Columbia resident ran 100 miles straight to raise thousands of dollars for food bank amid coronavirus pandemic

After finishing his work week Friday, Columbia resident Dan Frank laced up his sneakers and set out to run 24 hours straight to raise money to support coronavirus relief efforts.

Frank, 36, an avid runner and ultramarathoner, did not have a route in mind as he ran 102 miles from Friday evening to Saturday afternoon, stopping just a few hours shy of a full day.


Each mile meant more money for the Community Action Council of Howard County’s food bank. As of Tuesday, Frank had raised nearly $11,000 on his campaign page and with direct donations to the CAC. He planned to raise money through Wednesday.

“I thought I would raise $500,” said Frank, who only thought of the idea to run for donations about two weeks ago.


Throughout his run, Frank had bags of food and beverages at certain stops and even had friends track him and bring him extra snacks. Around 2 a.m. Saturday, Frank circled back home, where he took a short break and sat on his couch for a few minutes before heading back out.

Frank said that when the going got tough, he reminded himself that if he kept running and reached another mile, that would mean feeding another family as most of his donors pledged a certain amount per mile.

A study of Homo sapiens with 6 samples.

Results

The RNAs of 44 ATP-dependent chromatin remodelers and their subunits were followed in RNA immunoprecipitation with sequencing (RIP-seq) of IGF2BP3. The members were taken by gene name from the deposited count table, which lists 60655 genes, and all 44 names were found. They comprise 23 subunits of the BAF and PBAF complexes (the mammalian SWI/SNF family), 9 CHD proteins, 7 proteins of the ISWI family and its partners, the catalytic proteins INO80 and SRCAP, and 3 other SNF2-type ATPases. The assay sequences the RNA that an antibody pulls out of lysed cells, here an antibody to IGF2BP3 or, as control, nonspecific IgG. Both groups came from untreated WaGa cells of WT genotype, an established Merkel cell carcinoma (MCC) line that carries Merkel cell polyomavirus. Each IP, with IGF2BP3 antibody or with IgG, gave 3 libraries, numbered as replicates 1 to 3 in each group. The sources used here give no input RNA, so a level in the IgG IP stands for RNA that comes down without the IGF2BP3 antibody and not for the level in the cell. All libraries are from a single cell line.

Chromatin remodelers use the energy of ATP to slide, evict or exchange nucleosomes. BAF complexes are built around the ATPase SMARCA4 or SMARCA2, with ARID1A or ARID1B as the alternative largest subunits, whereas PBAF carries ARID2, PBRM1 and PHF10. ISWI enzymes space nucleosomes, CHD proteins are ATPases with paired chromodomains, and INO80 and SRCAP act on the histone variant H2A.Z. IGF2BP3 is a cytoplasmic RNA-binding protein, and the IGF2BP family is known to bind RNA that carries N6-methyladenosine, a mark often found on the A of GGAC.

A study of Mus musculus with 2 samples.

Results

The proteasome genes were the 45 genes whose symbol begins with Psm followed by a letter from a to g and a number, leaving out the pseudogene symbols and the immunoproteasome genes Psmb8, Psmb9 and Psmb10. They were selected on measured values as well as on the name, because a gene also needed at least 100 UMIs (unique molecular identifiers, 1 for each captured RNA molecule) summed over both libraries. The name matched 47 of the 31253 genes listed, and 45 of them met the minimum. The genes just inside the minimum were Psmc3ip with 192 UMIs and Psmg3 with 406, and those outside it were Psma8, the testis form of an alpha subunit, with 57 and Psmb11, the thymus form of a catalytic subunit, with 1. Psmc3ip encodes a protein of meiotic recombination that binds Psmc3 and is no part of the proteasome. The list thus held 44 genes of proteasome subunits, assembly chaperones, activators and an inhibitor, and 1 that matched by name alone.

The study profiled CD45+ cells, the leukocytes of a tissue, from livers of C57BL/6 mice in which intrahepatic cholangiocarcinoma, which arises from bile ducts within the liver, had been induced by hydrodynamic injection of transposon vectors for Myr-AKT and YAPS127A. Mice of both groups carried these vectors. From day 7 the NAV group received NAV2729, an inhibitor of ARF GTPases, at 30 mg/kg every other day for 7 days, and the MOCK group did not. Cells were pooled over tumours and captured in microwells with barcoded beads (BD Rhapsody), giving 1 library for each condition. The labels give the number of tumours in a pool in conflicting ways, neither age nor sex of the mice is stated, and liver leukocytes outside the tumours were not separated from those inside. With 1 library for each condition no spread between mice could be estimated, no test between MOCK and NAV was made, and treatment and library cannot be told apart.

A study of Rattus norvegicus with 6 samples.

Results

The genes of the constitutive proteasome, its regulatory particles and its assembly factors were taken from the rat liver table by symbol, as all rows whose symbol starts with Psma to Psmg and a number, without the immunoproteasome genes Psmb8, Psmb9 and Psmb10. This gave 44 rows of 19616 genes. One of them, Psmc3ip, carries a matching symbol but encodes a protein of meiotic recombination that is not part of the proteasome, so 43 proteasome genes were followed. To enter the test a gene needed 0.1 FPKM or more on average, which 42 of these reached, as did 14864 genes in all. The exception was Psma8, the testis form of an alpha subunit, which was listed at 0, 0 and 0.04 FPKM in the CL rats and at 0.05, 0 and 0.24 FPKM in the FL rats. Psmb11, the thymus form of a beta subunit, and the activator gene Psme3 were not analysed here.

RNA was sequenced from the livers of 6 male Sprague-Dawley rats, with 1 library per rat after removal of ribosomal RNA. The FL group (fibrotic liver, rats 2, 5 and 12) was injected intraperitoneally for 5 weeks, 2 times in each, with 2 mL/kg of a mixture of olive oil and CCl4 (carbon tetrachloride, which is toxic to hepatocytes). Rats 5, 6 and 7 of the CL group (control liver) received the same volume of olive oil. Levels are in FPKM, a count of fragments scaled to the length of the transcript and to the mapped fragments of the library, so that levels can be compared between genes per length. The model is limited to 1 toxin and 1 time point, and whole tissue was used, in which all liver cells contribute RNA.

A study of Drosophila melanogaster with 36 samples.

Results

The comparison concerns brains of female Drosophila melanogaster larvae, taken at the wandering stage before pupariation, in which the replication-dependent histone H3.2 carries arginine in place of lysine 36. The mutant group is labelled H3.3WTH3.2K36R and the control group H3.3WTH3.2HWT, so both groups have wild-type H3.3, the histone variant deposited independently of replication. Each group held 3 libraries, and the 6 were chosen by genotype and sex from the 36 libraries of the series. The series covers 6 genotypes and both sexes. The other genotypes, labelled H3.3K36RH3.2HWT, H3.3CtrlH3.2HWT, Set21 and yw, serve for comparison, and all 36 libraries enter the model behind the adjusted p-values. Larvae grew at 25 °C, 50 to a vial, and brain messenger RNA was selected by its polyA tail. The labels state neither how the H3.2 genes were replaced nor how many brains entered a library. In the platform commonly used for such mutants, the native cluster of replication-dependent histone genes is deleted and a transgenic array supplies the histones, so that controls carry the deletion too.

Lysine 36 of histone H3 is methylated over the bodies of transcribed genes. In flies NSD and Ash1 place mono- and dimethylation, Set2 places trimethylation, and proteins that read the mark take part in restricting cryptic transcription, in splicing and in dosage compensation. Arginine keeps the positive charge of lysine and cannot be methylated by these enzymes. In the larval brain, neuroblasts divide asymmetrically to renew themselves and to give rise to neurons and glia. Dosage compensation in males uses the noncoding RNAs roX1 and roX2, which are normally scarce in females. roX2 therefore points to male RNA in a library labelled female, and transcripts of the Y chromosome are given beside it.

Community Action Council of Howard County President Bita Dayhoff said $50 provides five meals per person at the food bank.

“Imagine the impact of $11,000 for meals,” Dayhoff said.


On his 102-mile trek, Frank ran through Kings Contrivance in Columbia, Rockburn Park in Elkridge and around several of Columbia, including Lake Elkhorn, Wilde Lake and Lake Kittamaqundi in Columbia.

Throughout his run, even at 3 a.m., Frank was receiving text messages of encouragement from friends and family.

“I didn’t view it as a race; I viewed it as, ‘Here’s something we’re going to do to do some good,’ ” he said.


Dayhoff said she felt “humbled, with a deep sense of gratitude” for Frank’s willingness to step forward and support efforts against a major challenge like coronavirus.

“Individuals like Dan are true heroes who are stepping forward, not only raising awareness of the struggles of their neighbors and community but also taking measurable, impactful action to support families,” she said.